UDRP complaint for TheIDShop.com was dismissed at the National Arbitration Forum. The decision of the panel was that the Complaint should be barred by the doctrine of laches. Respondent raised the issue of laches as a defense to the Complaint. Because the Panel agreed, the Panel found it unnecessary to consider the three elements of the Policy. Despite having the opportunity to do so, Complainant offered no explanation for the 14-year delay in bringing this Complaint.
Complainant was Laminex, Inc., South Carolina, USA. Respondent was Yan Smith, represented by Brett E. Lewis of Lewis & Lin LLC, New York, USA.
Respondent registered the theidshop.com domain name on April 29, 1998.
Complainant submitted a Complaint to the National Arbitration Forum on November 13, 2012. Pursuant to Respondent’s request to have the dispute decided by a three-member Panel, the National Arbitration Forum appointed the Hon. Neil Anthony Brown QC, the Hon. Bruce Meyerson (Ret.) and John Upchurch as Panelists.
Complainant owns a trademark registration for the ID SHOP mark with the United States Patent and Trademark Office (“USPTO”) (Reg. No. 1,562,775 registered October 24, 1989).
Respondent has owned and operated a novelty ID shop, housed at the theidshop.com domain, since June 1998. Respondent formed the Texas limited liability company, “The ID Shop, LLC,” in December 2003. Respondent said that Complainant’s claims should be barred on the basis of laches.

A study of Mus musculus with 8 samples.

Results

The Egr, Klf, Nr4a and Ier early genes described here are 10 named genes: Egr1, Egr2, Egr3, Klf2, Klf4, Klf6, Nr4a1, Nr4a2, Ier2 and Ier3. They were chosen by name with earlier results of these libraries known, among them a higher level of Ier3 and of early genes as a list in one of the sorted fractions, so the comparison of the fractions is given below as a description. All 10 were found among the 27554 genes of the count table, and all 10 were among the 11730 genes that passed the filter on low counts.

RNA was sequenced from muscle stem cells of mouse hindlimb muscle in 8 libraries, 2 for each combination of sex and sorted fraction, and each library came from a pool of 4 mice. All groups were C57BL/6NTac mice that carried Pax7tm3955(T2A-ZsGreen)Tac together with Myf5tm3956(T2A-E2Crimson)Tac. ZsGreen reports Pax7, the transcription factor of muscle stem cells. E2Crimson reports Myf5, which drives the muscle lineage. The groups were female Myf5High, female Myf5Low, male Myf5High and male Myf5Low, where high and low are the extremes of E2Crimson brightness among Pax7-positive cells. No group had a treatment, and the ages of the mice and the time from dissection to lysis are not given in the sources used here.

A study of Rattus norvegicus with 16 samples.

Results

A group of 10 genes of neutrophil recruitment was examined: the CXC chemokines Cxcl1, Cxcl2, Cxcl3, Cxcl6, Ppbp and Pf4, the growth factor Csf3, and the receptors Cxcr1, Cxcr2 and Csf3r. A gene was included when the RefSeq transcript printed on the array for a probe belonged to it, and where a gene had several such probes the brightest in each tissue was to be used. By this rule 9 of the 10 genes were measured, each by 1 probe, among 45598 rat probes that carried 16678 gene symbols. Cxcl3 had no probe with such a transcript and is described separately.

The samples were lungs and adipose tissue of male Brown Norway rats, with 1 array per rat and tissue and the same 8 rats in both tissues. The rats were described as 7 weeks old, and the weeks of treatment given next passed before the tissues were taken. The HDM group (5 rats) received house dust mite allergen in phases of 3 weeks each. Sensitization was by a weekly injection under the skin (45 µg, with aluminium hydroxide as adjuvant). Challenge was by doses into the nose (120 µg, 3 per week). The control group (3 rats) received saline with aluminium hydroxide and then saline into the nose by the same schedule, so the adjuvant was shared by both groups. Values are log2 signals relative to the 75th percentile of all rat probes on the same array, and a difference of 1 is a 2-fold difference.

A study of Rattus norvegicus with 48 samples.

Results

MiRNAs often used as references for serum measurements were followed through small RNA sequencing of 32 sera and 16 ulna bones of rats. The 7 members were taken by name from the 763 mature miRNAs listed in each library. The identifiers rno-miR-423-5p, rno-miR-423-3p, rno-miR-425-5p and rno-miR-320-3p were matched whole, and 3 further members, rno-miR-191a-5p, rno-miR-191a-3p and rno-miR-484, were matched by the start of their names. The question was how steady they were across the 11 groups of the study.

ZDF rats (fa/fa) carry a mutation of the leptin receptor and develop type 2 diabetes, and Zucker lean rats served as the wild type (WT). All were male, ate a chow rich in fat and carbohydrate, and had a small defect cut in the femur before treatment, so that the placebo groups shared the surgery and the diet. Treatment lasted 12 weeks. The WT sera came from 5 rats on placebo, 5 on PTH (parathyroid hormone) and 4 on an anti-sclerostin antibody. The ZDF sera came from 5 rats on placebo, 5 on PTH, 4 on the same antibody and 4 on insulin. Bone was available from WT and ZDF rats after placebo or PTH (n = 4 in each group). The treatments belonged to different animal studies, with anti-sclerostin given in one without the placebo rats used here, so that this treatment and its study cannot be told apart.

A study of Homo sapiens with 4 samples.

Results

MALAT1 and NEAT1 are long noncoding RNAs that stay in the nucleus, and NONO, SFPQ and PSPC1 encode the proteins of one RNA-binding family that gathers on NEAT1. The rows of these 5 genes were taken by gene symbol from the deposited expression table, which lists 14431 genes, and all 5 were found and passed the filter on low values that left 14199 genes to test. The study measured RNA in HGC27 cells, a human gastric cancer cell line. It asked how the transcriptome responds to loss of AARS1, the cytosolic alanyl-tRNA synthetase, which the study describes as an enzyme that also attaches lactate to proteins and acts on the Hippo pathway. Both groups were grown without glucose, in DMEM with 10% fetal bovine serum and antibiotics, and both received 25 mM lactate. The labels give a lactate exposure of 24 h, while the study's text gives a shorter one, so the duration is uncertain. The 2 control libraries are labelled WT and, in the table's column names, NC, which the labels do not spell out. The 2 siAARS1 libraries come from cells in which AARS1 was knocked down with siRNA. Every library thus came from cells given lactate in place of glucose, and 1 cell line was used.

Here is what the three member Panel had to say about why it barred the complaint because of the doctrine of laches:
Respondent has raised the issue of laches as a defense to the Complaint. Because the Panel agrees, the Panel finds it unnecessary to consider the three elements of the Policy.
The relationship of laches to UDRP proceedings was discussed at length in craigslist, Inc. v. Craig Solomon Online Servs., FA 1367598 (Nat. Arb. Forum Mar. 1, 2011). In that case the complaining party offered no explanation for a nine-year delay in initiating the complaint. […]
Here, the record reflects the following. Respondent registered the domain name in 1998 and has consistently done business selling novelty IDs since then, and under the name THE ID SHOP since 2003. Respondent has invested substantial sums promoting its business and advertising that business on the Internet through the <theidshop.com> domain name.
The Complainant holds a trademark with the USPTO for the ID SHOP mark and has used that mark since 1989. The focus of Complainant’s business is in the security industry where it works with hospitals, schools, manufacturing operations and other organizations which require valid photo identification cards.
Despite having the opportunity to do so, Complainant has offered no explanation for the 14-year delay in bringing this Complaint. In light of the unexplained delay in bringing this proceeding, and the demonstrable harm to Respondent should the domain name be transferred, the Panel concludes that under the doctrine of laches, relief should be denied.
Because the Complaint is barred by the doctrine of laches, the Panel concludes that relief shall be DENIED.